In its continued effort to eliminate all forms of violence against women and girls, the Spotlight Initiative conducted a workshop from April 25th to 29th in Accra, Ghana. Civil society organizations, researchers, and national statistics officials were trained on the use of data collection as a tool to fight violence against women and girls (VAWG).
Participants learned that digital media platforms play a prominent role in perpetuating violent behaviors against women and girls. Over 40 participants from Ghana, Nigeria, Liberia, Gambia, Senegal, Ivory Coast, and South Sudan attended the five-day capacity-strengthening workshop.
Researchers and civil society organizations working on gender-based violence learned about the harm of online gender-based violence on victims. While most countries represented at the workshop have been monitoring most of the acts of violence and harmful practices against women and girls, very little is being done to combat online violence. Cyberbullying, cyber-dating abuse and online grooming were the three major forms of online violence discussed during the workshop.
“Cyberbullying can be described as violence using digital technologies, for example, on social media, messaging platforms, etc. This is done to scare, anger, or shame the person targeted. It involves posting insults and embarrassing photos on social media or threatening emails. The impact of such intimidation and abuse is more real than many may think,” said Caroline Kabiru, Head of the Sexual Reproductive Maternal Newborn Child and Adolescent Health Unit at the African Population and Health Research Center.
As technology continues to be widely accepted and used by people across generations, online grooming remains a cause of concern for parents. The perpetrator uses digital technologies to gain minors’ trust and sexually exploit them. The question of the best age to allow children to interact with communication devices and social media platforms has dominated parenting discourses. While the parenting approach may differ from one parent to another, the fact remains that vigilance is vital if the minor is to be protected.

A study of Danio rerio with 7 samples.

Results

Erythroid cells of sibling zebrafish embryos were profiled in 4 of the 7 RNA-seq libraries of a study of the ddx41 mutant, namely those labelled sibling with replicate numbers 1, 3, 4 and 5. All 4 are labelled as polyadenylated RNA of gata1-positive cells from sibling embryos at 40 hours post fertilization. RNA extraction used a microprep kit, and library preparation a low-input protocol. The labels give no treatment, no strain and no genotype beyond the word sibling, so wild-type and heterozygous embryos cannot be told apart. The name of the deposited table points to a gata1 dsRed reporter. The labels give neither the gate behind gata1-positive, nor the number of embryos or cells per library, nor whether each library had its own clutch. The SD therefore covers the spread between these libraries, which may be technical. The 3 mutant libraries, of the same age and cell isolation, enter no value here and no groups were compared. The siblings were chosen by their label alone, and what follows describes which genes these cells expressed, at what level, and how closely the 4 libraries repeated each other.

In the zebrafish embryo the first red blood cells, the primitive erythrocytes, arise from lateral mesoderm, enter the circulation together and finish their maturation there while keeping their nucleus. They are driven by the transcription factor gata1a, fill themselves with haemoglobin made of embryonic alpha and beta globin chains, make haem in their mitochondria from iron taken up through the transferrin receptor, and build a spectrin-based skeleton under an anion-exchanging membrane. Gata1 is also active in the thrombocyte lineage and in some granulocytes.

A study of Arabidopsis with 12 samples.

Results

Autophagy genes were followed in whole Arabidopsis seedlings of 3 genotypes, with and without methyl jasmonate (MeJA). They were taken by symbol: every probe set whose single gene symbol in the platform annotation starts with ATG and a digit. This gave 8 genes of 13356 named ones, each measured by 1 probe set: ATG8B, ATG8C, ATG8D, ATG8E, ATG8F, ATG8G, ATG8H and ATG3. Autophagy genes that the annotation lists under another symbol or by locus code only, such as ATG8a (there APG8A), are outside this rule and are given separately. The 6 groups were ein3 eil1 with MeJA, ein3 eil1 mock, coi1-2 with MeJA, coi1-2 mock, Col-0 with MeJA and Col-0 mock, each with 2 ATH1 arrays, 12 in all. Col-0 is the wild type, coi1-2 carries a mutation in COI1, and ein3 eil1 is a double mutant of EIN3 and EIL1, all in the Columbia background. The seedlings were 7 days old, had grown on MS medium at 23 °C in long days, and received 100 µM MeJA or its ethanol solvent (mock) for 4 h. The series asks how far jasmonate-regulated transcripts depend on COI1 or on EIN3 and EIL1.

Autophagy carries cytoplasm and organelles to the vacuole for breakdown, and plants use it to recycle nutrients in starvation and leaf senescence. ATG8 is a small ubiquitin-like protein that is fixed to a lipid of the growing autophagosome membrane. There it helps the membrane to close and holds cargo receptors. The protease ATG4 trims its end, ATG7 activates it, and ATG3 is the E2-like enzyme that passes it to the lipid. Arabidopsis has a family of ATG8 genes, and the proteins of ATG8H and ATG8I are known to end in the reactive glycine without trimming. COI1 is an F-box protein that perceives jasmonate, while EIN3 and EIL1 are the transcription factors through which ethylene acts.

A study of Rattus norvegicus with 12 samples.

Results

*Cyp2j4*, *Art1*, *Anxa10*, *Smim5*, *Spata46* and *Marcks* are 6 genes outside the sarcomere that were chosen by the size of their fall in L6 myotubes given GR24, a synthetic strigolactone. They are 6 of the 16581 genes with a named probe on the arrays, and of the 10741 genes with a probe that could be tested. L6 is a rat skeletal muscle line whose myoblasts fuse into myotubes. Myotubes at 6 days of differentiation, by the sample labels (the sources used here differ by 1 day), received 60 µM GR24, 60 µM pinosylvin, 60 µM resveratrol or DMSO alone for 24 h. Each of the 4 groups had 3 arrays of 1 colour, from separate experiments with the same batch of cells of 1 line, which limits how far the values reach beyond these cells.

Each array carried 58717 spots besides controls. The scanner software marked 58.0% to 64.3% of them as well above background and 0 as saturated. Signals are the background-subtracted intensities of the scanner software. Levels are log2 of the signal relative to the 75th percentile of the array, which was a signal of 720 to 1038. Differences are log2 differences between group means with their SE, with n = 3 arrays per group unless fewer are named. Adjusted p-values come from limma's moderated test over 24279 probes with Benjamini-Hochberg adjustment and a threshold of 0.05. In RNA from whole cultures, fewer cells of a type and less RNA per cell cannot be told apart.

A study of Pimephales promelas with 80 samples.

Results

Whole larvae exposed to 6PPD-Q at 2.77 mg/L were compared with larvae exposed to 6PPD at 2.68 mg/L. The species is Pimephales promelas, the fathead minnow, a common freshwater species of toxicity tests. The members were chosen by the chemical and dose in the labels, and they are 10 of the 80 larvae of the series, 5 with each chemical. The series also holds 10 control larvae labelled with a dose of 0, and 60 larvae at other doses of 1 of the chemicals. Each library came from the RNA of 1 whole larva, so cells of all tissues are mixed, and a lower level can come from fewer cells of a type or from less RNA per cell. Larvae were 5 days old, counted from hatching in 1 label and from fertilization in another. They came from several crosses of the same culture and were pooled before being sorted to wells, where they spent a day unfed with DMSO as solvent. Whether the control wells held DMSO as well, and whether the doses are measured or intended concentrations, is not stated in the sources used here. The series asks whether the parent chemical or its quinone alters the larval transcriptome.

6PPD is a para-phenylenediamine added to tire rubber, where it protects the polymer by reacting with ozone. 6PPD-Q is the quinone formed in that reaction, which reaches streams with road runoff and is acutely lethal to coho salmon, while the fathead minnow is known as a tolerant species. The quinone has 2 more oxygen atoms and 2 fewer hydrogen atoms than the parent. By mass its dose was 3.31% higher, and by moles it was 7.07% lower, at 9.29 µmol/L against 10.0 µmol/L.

While online abuse appears to be the new form of gender-based violence, the more traditional forms of abuse and harmful practices keep changing as the culprits try to control the narrative and avoid prosecution. In the Gambia, 73% of women aged 15 – 49 years have undergone female genital mutilation (FGM), according to 2019-2020 Demographic and Health Survey data.
Despite civil society groups’ advocacy and intervention efforts, there has only been a two-percentage-point reduction from the data reported in 2018/ 2019 Demographic and Health Survey on gender-based violence.
“In Gambia, FGM used to be performed on girls between 5-8 years old. However, the trend is changing; reports indicate that babies as young as one-month-old undergo FGM. We have also received reports that the practice is changing. Type 1 and 2 were most common; however, communities are now targeting babies. Pinching and pricking the clitoris of the babies to kill the nerves,” said Fatou Baldeh, the founder of Women in Liberation and Leadership, Gambia. Type 1 involves removing part or the entire clitoris, while type 2 involves removing part or all of the clitoris and the inner labia.
Fatou Baldeh explains that the new FGM practice is hard to detect because the anatomy is similar to that of the uncircumcised girls. Therefore, most girls grow up without realizing that they have been victims of FGM. This new practice indicates that recent efforts to conceal violence against women and girls may affect the latest data.
Despite this new information, any data is better than no data, as we can observe in South Sudan. The youngest nation in Africa has no officially recorded data on violence against women and girls. The country’s representatives at the data workshop reported that they are now producing data through a project funded by UNFPA that will incorporate government and civil society groups.
Violence against women and girls (VAWG) continues to evolve with each passing day, so efforts to combat the vice should change equally. Research provides a solid weapon to fight against all forms of violence and harmful practices against women and girls.
The Spotlight Initiative is a global initiative of the United Nations. It has received generous support from the European Union and has consistently pursued its aim to eliminate all forms of violence against women and girls.
The Initiative has been doing this through six mutually-reinforcing pillars: promoting laws and policies to prevent violence; strengthening national governments and regional institutions to inform decision-makers better; promoting gender-equitable social norms, attitudes, and behaviors; making high-quality essential services for survivors of violence available; improving the quality, accuracy, and availability of data on violence against women and girls and promoting strong and empowered civil society and autonomous women’s movement.